Treatment Options for Lumbar Spinal Stenosis
While this condition may affect younger people, due to developmental difficulties, congenital birth defects, herniations of the disc, tumors, et cetera, the majority of those who are diagnosed with Lumbar Spinal Stenosis have contracted it as a result of degenerative conditions, and are usually aged 60 years or older. It is estimated that more than 400,000 Americans, mostly elderly, may be suffering from the symptoms of Lumbar Spinal Stenosis. This number may be even higher, considering that the condition may or may not produce any kind of symptoms, depending on the severity of the irritation.
A diagnosis for this condition needs to be made by a neurosurgeon, who will base his decision on the patient’s history, what symptoms they exhibit, a physical examination, and the results of various tests that are run, including X-rays, Computer Topography (CAT) scan, a Magnetic Resonance Imaging (MRI) or a Myleogram. Should the patient be diagnosed with Lumbar Spinal Stenosis, they may be told that there is little to no non-surgical treatment that can be used to help this condition; walking with the aid of a walker or leaning on a shopping cart may offer a temporary fix, as can spinal manipulation or epidural injections of cortizone into the back, but none of the fixes are long-term. Anti-inflammatory and analgesics may help reduce pain and swelling, physical therapy may help protect you from further energy, but again, the relief is only short-lived.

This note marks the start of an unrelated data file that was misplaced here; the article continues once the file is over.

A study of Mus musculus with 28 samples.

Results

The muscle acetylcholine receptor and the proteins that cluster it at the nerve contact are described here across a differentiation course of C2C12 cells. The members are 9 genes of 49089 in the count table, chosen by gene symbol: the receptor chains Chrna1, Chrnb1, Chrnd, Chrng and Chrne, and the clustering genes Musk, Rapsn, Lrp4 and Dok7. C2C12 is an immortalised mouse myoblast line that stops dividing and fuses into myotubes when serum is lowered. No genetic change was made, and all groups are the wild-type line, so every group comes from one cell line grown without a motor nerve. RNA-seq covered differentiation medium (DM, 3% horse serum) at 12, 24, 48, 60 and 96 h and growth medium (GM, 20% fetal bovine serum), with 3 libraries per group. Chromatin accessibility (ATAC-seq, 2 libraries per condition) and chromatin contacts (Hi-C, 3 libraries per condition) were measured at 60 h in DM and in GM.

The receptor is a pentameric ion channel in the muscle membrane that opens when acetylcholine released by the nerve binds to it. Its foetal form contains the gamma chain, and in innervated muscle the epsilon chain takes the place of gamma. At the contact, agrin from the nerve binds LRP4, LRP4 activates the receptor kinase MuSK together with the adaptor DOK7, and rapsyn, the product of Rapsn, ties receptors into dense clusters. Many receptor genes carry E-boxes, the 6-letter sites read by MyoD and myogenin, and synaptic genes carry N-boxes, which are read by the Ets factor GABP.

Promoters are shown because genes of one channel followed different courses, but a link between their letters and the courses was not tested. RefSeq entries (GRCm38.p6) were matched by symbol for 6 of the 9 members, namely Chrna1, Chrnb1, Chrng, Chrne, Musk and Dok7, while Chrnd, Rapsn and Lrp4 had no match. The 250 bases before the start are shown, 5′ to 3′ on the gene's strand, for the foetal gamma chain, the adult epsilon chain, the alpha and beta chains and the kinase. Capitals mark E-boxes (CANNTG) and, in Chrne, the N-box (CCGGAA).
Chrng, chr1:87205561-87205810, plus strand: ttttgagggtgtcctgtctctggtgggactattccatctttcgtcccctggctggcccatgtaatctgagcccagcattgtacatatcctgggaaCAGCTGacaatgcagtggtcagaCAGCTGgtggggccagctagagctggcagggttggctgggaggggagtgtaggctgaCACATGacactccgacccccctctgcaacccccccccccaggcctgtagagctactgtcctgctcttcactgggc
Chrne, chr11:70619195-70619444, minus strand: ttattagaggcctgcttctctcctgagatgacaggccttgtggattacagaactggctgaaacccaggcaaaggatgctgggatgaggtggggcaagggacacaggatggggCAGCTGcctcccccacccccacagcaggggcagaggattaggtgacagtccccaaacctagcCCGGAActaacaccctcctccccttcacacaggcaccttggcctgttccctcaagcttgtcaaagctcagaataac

There are several different surgical procedures that can be taken into consideration, the various choices being influenced by the severity of injury and irritation to the nerves. The most common of these is a decompressive laminectomy, where the roof of the vertebra, or laminae, is removed, creating more space for the nerves. If other conditions are present, risking further injury to the nerves or spine, a spinal fusion may be performed, which fuses two vertebra together and thereby stabilizes them. In other cases, procedures can include anything from removal of the diseased or damaged disc, to grafts, or performing different operations that will help ease whatever is irritating the nerve.
As with any kind of surgery, the options should be given careful consideration, weighing the pros versus the cons. While many people report that the surgery does help with a great deal of pain, there is no sure way of guaranteeing whether or not the procedure will work with you.